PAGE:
400 years old

The Perse School was founded in 1615 by the will of Stephen Perse, M.D., a Fellow of Gonville and Caius College. It provided for 100 local boys and was first established in Lorteburn Lane, later called Free School Lane.

The school quickly established its academic credentials, sending a regular flow of scholars to Caius College. Foremost among them was Jeremy Taylor, ‘the Shakespeare of divines’ who, but for the Civil War, might well have become Archbishop of Canterbury after Laud.

During the 18th century, however, the school fell into a long decline. The governors of the school, Caius College, neglected to increase the salaries of the Master and Usher for over a hundred years. Unsurprisingly, men of talent were not attracted, nor were pupils; the posts became sinecures for junior fellows of Caius and the surplus endowment was pocketed by the senior fellows. This torpor and corruption was not uncommon at the time – Harrow and Rugby also nearly closed. Protests in the local paper forced the governors to keep the school open but it took a court case in 1837 to reform the college’s abuse of Perse’s Trust and to put the school back on a proper footing.

A series of more energetic headmasters restored the fortunes of the school during the late 19th century and it moved into new buildings at Gonville Place in 1890. But the school’s income was badly affected by the agricultural depression and consequent low rents from its endowment. In 1902 the establishment of the cheaper Cambridgeshire High School posed a further threat to the Perse’s future.

Dr Rouse

The situation was saved by the arrival of one of the century’s greatest headmasters, Dr W.H.D. Rouse (1902-28). His experimental teaching methods, notably the Direct Method of teaching foreign languages, attracted attention and talented teachers – Rouse always claimed he never had to look for staff. He built a team of remarkable men, including one of positive genius, Henry Caldwell Cook, initiator of The Play Way, and the Perse established an international reputation in a matter of years.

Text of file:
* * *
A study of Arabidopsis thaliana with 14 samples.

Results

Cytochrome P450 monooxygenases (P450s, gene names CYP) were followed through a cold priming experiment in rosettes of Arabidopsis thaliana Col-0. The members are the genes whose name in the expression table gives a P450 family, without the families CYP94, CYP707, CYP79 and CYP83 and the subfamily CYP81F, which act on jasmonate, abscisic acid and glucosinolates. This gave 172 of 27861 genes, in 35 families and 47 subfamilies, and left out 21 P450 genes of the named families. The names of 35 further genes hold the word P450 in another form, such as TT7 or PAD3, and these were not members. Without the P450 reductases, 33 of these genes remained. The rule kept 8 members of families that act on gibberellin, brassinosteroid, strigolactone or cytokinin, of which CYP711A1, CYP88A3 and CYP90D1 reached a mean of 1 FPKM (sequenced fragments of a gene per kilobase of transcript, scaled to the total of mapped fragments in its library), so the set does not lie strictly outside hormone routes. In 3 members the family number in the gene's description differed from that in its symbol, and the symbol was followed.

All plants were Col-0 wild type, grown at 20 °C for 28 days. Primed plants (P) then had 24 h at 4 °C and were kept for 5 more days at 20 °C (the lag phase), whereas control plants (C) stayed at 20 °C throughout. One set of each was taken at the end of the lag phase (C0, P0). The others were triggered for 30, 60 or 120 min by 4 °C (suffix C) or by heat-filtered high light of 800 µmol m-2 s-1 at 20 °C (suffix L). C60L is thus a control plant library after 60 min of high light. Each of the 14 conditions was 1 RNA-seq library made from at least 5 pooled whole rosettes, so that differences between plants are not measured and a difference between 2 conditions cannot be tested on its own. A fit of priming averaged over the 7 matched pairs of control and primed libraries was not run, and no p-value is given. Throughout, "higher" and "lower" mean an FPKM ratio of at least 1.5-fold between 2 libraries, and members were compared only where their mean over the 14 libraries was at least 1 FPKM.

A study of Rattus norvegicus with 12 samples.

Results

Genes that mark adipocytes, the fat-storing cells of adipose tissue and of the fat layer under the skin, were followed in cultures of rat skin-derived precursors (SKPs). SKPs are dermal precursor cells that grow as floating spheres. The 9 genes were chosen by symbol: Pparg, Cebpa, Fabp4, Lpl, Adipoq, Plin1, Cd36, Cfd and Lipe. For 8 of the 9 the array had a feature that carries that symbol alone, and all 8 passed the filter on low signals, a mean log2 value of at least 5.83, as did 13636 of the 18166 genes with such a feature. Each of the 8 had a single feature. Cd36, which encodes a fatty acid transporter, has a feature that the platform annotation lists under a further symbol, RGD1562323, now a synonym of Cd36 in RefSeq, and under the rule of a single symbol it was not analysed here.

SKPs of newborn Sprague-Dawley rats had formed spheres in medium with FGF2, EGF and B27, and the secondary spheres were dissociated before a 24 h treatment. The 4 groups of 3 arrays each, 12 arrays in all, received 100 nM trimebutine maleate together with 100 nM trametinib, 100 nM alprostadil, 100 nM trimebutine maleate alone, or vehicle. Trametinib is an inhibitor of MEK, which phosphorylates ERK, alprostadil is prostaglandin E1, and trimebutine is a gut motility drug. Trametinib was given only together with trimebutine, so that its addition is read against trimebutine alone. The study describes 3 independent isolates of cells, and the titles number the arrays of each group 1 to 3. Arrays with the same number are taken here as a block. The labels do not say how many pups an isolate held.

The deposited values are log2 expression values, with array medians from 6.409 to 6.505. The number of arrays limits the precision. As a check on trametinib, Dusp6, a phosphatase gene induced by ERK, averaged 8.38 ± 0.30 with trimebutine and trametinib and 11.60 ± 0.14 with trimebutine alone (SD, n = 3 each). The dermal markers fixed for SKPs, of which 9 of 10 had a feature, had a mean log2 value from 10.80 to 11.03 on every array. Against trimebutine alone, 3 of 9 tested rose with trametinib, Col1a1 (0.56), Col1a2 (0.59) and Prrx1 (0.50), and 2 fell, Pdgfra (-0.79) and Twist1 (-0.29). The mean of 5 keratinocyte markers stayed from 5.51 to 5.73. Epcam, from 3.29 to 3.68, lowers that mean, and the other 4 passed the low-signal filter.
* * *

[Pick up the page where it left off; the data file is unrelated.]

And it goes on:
Rouse also set up a Prep School and two boarding houses. He also secured the ground in Hills Road on which he hoped to build a new school.

Rouse’s successor, H.A. Wootton, was a difficult and unpopular man. Nonetheless the Perse maintained its academic standing and Wootton’s attention to administration and facilities brought much-needed improvements.

In 1945, Stanley Stubbs became Headmaster and took up Rouse’s idea of moving site. This was far-sighted and, given the financial circumstances, a huge achievement, accomplished in 1960.

A direct grant school

The Perse received grants from the government as early as Rouse’s time, in respect of its experimental language teaching. From 1945-1976 it was a Direct Grant school offering free places to some 40% of pupils.  Following the government’s attack on such schools and the withdrawal of the grant, the Perse became independent. Thanks to a series of appeals it has enlarged its facilities and provided bursaries.


The Sixth Form became co-educational in 1995 and the school’s move to full co-education was completed in 2012.

Famous alumni include two Nobel Prize winners, several actors, many distinguished academics, a leading Communist and several musicians. Most recent names include Sir Peter Hall, Marius Goring, David Gilmour, The Revd Prof. John Polkinghorne and Sir Arthur Marshall.

For more information about the School’s history contact the archivist David Jones.